Computers and corrections (in the community and behind the walls),  is really getting some headlines recently. The thread that appears to running these stories is “risk.” Is there a risk with offenders and computers and if there, is how do we manage it? Let’s start with the case that is currently before the U.S. Supreme Court, Packingham v. North Carolina.

Lester Gerard Packingham Jr., a  convicted North Carolina sex offender, who was no longer under any form of supervision, posted a message “”G-d is Good” on Facebook after a traffic citation was dismissed. Problem is in North Carolina all sex offenders are prohibited from accessing social media.  His conviction has been appealed all the way to the Supreme Court.  A decision is likely this month. The question is can a sex offender, even after he has served all of his sentence, be prohibited for using social media? Does their risk trump the Constitution?

The next story comes from New Jersey. A sex offender on lifetime supervision was completed barred from accessing the Internet by his parole officer. It is unclear if the officer had tried monitoring/filtering and/or periodically computer searches before imposing the complete prohbition.The New Jersey Supreme Court struck down the condition noting that:

access to the internet is a basic need because most job seekers these days need it to find and obtain work.”

Gee, I wonder how the U.S. Supreme Court will rule in imposing Internet restrictions on sex offenders who completed their sentence (I am betting it gets struck down). Now the next two stories represent that even prisons can not stop offenders from accessing the Internet. In the first case, federal sex offenders, in custody, swapped child pornography using smuggled cellphones and data cards. Apparently, they were in a low-security prison, where they were able to work in tandem, to defeat staff’s supervision of them.

In the next story Ohio inmates built their own computer and used the prison’s Internet access to download hacking programs and carry out identity theft. Apparently, some of the inmates were part of a detail working on disassembled computers for a contractor. Unfortunately, they were not supervised and were able to build their system. They also were able to connect to the prison network and to power, all undetected.  The last two examples are cases where offenders, presumedly under a much higher level of supervision were still able to find a way to get connected. It appears corrections staff underestimated their “risk.”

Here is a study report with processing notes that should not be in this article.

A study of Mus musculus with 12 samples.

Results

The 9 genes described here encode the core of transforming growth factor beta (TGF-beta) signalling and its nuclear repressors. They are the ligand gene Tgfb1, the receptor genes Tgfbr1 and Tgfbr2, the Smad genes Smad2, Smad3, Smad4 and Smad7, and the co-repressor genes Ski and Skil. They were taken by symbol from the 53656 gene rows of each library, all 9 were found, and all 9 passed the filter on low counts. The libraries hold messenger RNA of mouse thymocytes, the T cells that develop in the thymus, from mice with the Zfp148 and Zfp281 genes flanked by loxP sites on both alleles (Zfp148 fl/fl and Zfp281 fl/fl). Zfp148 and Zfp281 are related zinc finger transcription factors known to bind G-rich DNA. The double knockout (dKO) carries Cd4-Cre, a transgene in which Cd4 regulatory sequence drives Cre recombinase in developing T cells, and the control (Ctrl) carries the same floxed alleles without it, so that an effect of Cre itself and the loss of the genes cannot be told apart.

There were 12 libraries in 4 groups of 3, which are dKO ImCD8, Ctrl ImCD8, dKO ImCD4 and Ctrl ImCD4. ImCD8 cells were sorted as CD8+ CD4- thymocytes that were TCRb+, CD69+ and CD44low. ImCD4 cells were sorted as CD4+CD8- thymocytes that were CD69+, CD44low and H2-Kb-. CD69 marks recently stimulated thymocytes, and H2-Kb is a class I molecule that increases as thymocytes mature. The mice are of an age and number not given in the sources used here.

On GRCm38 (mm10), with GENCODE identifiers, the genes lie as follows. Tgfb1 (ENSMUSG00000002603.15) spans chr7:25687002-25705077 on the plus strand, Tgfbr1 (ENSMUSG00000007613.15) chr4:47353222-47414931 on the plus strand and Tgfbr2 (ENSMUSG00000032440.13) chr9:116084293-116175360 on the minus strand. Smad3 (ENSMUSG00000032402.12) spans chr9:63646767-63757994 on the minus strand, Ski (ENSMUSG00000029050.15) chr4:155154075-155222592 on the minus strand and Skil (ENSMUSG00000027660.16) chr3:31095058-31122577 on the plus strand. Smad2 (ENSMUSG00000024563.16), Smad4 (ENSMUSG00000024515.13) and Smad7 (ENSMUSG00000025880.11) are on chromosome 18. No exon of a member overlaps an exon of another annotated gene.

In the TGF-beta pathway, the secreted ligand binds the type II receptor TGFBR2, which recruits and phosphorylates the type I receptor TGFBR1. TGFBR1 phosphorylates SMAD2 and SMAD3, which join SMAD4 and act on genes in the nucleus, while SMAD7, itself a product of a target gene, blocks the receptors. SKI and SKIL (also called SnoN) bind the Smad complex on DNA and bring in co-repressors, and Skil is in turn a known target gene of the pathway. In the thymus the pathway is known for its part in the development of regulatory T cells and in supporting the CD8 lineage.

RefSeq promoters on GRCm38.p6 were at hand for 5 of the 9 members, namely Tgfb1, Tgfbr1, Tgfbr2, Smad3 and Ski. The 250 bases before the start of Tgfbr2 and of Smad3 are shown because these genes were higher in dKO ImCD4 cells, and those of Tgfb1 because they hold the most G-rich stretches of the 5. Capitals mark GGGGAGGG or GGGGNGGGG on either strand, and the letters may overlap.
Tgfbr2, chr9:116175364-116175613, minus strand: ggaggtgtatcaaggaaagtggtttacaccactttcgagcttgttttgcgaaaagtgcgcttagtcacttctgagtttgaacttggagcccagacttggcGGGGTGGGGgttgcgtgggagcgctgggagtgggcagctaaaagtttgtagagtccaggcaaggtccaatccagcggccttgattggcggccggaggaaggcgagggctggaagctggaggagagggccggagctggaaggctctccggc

Corrections appears to have trouble understanding risk when it comes to computers. They either overstate it or understate. I recently got forwarded a request from a corrections professional asking how to teach high risk offenders Internet safety because they were posting inappropriate things online and getting in trouble. I took this to be a request of “can we teach felons to lock up their social media profiles so they stop getting in trouble, particularly with their supervision officers?” Really? Is that what we want, high risk offenders who can’t be monitored online? I think not.

There is a fine line that many in corrections can’t seem to grasp in managing cyber-risk. They either go over board, such as with complete bans, which aren’’t always upheld, or they go the other way and ignore the risk. We need to get this right and soon. I have been absent from this column for too long and maybe, just maybe, I need to resume writing about these issues. On that note, I left a cigar lit somewhere. Be safe out there!